If you ever go to Worcestershire and happen to have a keen interest in the paranormal, here are 3 very haunted places in the county which you might like to check out . . . that is, if you have the nerve!
1. Worcester Cathedral – The building dates back to 1084. Before that, a priory used to stand on the same site, which is said to have been built in 680. Overlooking the River Severn, the cathedral is noted for its Norman Crypt, Chapter House and Central Tower. The equally well-known library dates back to Saxon times, and boasts a remarkable collection of old manuscripts. It is also noted for its paranormal happenings.
Various visitors to the building have reported seeing a ghostly bear in the Cathedral. The apparition is said to appear and rear up on its hind legs, as though poised to attack. But then, much to the relief of the witnesses, the spectral bear disappears. Other ghosts that have been seen in the building include a cowled monk, who usually appears as misty form in photos snapped by tourists to the cathedral.
2. Harvington Hall, Kidderminster – Harvington Hall is a grand red-brick Elizabethan property with tall chimneys. As well as containing many original paintings and furnishings, the hall boasts the largest collection of priest holes of any building in the country. The grounds of the building are said to be haunted by a lady called Mistress Hicks, who was accused of practicing witchcraft. Hicks was tried and hanged at the crossroads near Harvington Hall, with the collective misconception that the shape of the cross would repress her angry spirit. However, Mistress Hick’s ghost is still often seen flitting around the grounds of Harvington Hall.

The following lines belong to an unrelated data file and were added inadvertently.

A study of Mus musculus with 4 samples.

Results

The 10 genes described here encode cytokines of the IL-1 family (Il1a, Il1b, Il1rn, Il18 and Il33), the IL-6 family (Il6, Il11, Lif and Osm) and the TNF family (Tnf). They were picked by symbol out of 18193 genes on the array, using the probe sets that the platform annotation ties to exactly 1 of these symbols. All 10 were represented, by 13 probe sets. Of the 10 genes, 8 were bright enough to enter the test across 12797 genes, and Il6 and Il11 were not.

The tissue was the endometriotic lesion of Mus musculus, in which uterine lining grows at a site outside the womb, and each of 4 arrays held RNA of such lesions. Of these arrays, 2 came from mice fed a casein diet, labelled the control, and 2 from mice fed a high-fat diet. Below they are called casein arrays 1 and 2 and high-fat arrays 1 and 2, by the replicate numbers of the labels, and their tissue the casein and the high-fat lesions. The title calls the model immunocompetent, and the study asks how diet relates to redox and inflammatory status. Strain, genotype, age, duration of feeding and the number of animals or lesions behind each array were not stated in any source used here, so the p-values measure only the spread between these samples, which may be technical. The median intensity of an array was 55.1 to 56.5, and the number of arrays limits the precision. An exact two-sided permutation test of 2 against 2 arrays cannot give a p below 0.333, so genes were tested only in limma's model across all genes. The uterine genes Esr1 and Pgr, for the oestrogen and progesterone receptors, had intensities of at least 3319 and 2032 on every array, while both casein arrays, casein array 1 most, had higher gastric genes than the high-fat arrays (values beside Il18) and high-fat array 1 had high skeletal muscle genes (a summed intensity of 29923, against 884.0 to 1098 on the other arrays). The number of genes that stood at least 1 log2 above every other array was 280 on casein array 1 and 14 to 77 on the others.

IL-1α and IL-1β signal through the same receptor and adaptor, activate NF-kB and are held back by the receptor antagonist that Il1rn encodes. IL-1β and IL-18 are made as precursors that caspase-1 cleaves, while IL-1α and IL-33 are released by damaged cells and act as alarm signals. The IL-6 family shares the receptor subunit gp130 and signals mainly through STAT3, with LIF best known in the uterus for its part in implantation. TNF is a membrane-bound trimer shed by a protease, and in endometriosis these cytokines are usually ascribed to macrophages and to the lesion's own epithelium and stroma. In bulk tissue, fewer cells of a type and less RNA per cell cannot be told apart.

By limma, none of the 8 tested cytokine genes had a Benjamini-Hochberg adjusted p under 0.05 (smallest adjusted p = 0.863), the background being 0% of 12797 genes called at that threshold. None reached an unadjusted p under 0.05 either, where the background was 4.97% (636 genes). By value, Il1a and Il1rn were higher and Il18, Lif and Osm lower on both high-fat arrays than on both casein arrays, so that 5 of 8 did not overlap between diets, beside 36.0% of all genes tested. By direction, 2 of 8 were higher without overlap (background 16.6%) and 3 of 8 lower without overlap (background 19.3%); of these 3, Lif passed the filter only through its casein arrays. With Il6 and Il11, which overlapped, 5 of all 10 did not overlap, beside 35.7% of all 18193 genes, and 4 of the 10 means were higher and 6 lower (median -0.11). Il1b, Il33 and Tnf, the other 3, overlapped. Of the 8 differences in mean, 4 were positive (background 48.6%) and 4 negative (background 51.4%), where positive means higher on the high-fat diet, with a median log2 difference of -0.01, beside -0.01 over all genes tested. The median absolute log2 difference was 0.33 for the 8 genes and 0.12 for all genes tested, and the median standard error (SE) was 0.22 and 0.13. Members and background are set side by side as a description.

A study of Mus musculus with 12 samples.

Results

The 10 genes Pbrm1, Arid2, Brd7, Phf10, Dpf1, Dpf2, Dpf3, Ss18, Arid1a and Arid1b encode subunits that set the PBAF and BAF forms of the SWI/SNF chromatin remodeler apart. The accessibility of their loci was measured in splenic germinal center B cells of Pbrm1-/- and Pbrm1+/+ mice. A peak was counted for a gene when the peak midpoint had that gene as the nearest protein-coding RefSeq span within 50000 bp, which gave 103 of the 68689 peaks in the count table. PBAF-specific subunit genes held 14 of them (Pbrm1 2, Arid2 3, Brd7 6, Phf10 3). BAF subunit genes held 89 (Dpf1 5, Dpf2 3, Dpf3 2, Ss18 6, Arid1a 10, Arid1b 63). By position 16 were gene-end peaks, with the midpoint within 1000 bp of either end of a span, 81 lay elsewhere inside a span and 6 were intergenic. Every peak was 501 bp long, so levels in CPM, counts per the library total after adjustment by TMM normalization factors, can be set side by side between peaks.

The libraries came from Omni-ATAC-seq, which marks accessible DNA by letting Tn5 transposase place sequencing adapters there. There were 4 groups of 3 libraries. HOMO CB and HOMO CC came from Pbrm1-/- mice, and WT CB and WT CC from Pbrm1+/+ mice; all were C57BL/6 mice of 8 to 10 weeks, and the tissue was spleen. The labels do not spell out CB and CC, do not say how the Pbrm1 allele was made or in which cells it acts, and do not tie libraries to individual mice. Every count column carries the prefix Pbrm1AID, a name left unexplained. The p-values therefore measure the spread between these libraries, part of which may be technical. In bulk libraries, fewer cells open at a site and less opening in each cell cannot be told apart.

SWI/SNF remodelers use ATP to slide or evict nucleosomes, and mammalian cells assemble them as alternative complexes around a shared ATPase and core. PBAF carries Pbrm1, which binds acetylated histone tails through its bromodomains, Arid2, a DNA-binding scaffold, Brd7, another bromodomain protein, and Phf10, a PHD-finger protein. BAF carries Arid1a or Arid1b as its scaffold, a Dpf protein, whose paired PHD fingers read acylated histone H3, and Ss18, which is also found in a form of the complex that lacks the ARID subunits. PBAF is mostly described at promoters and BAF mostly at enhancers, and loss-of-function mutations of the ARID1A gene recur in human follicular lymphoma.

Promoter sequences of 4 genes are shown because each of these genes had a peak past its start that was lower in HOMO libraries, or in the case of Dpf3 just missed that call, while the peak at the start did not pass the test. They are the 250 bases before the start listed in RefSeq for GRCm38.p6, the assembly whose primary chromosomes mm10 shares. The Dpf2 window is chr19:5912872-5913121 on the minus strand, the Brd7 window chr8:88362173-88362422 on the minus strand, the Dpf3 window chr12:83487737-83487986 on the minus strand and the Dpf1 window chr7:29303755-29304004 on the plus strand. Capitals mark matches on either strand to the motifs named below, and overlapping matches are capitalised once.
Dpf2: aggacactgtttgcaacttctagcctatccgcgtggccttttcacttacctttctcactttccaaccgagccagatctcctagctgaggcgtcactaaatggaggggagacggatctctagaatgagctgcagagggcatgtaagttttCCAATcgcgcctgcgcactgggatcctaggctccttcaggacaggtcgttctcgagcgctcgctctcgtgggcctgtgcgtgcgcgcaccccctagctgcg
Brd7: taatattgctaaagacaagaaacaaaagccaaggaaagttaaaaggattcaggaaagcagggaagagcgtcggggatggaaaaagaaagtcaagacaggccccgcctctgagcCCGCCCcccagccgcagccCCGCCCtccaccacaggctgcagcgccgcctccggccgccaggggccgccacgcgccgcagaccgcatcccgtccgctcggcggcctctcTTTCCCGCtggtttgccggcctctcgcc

3. Raggedstone Hill – The twin peaks of Raggedstone Hill are said to be haunted by the ghost of a former friar from Little Malvern. Tortured by his own carnal urges, the friar is said to have confessed his sins, and consequently, at the orders of the Cleric, was made to crawl on his hands and knees up the treacherous side of Raggedstone Hill every single day. In the end, the friar became so enraged by his punishment that he climbed to the peak and uttered a curse on not only the church but also on anybody who was unlucky enough to live under its shadow. As it turned out, this curse seemed to actually materialise, for those who fell victim to it soon after visiting Raggedstone Hill include The Duke of Clarence, Richard III, and Anne Boleyn. People still report seeing strange apparitions of a figure crawling up the hill.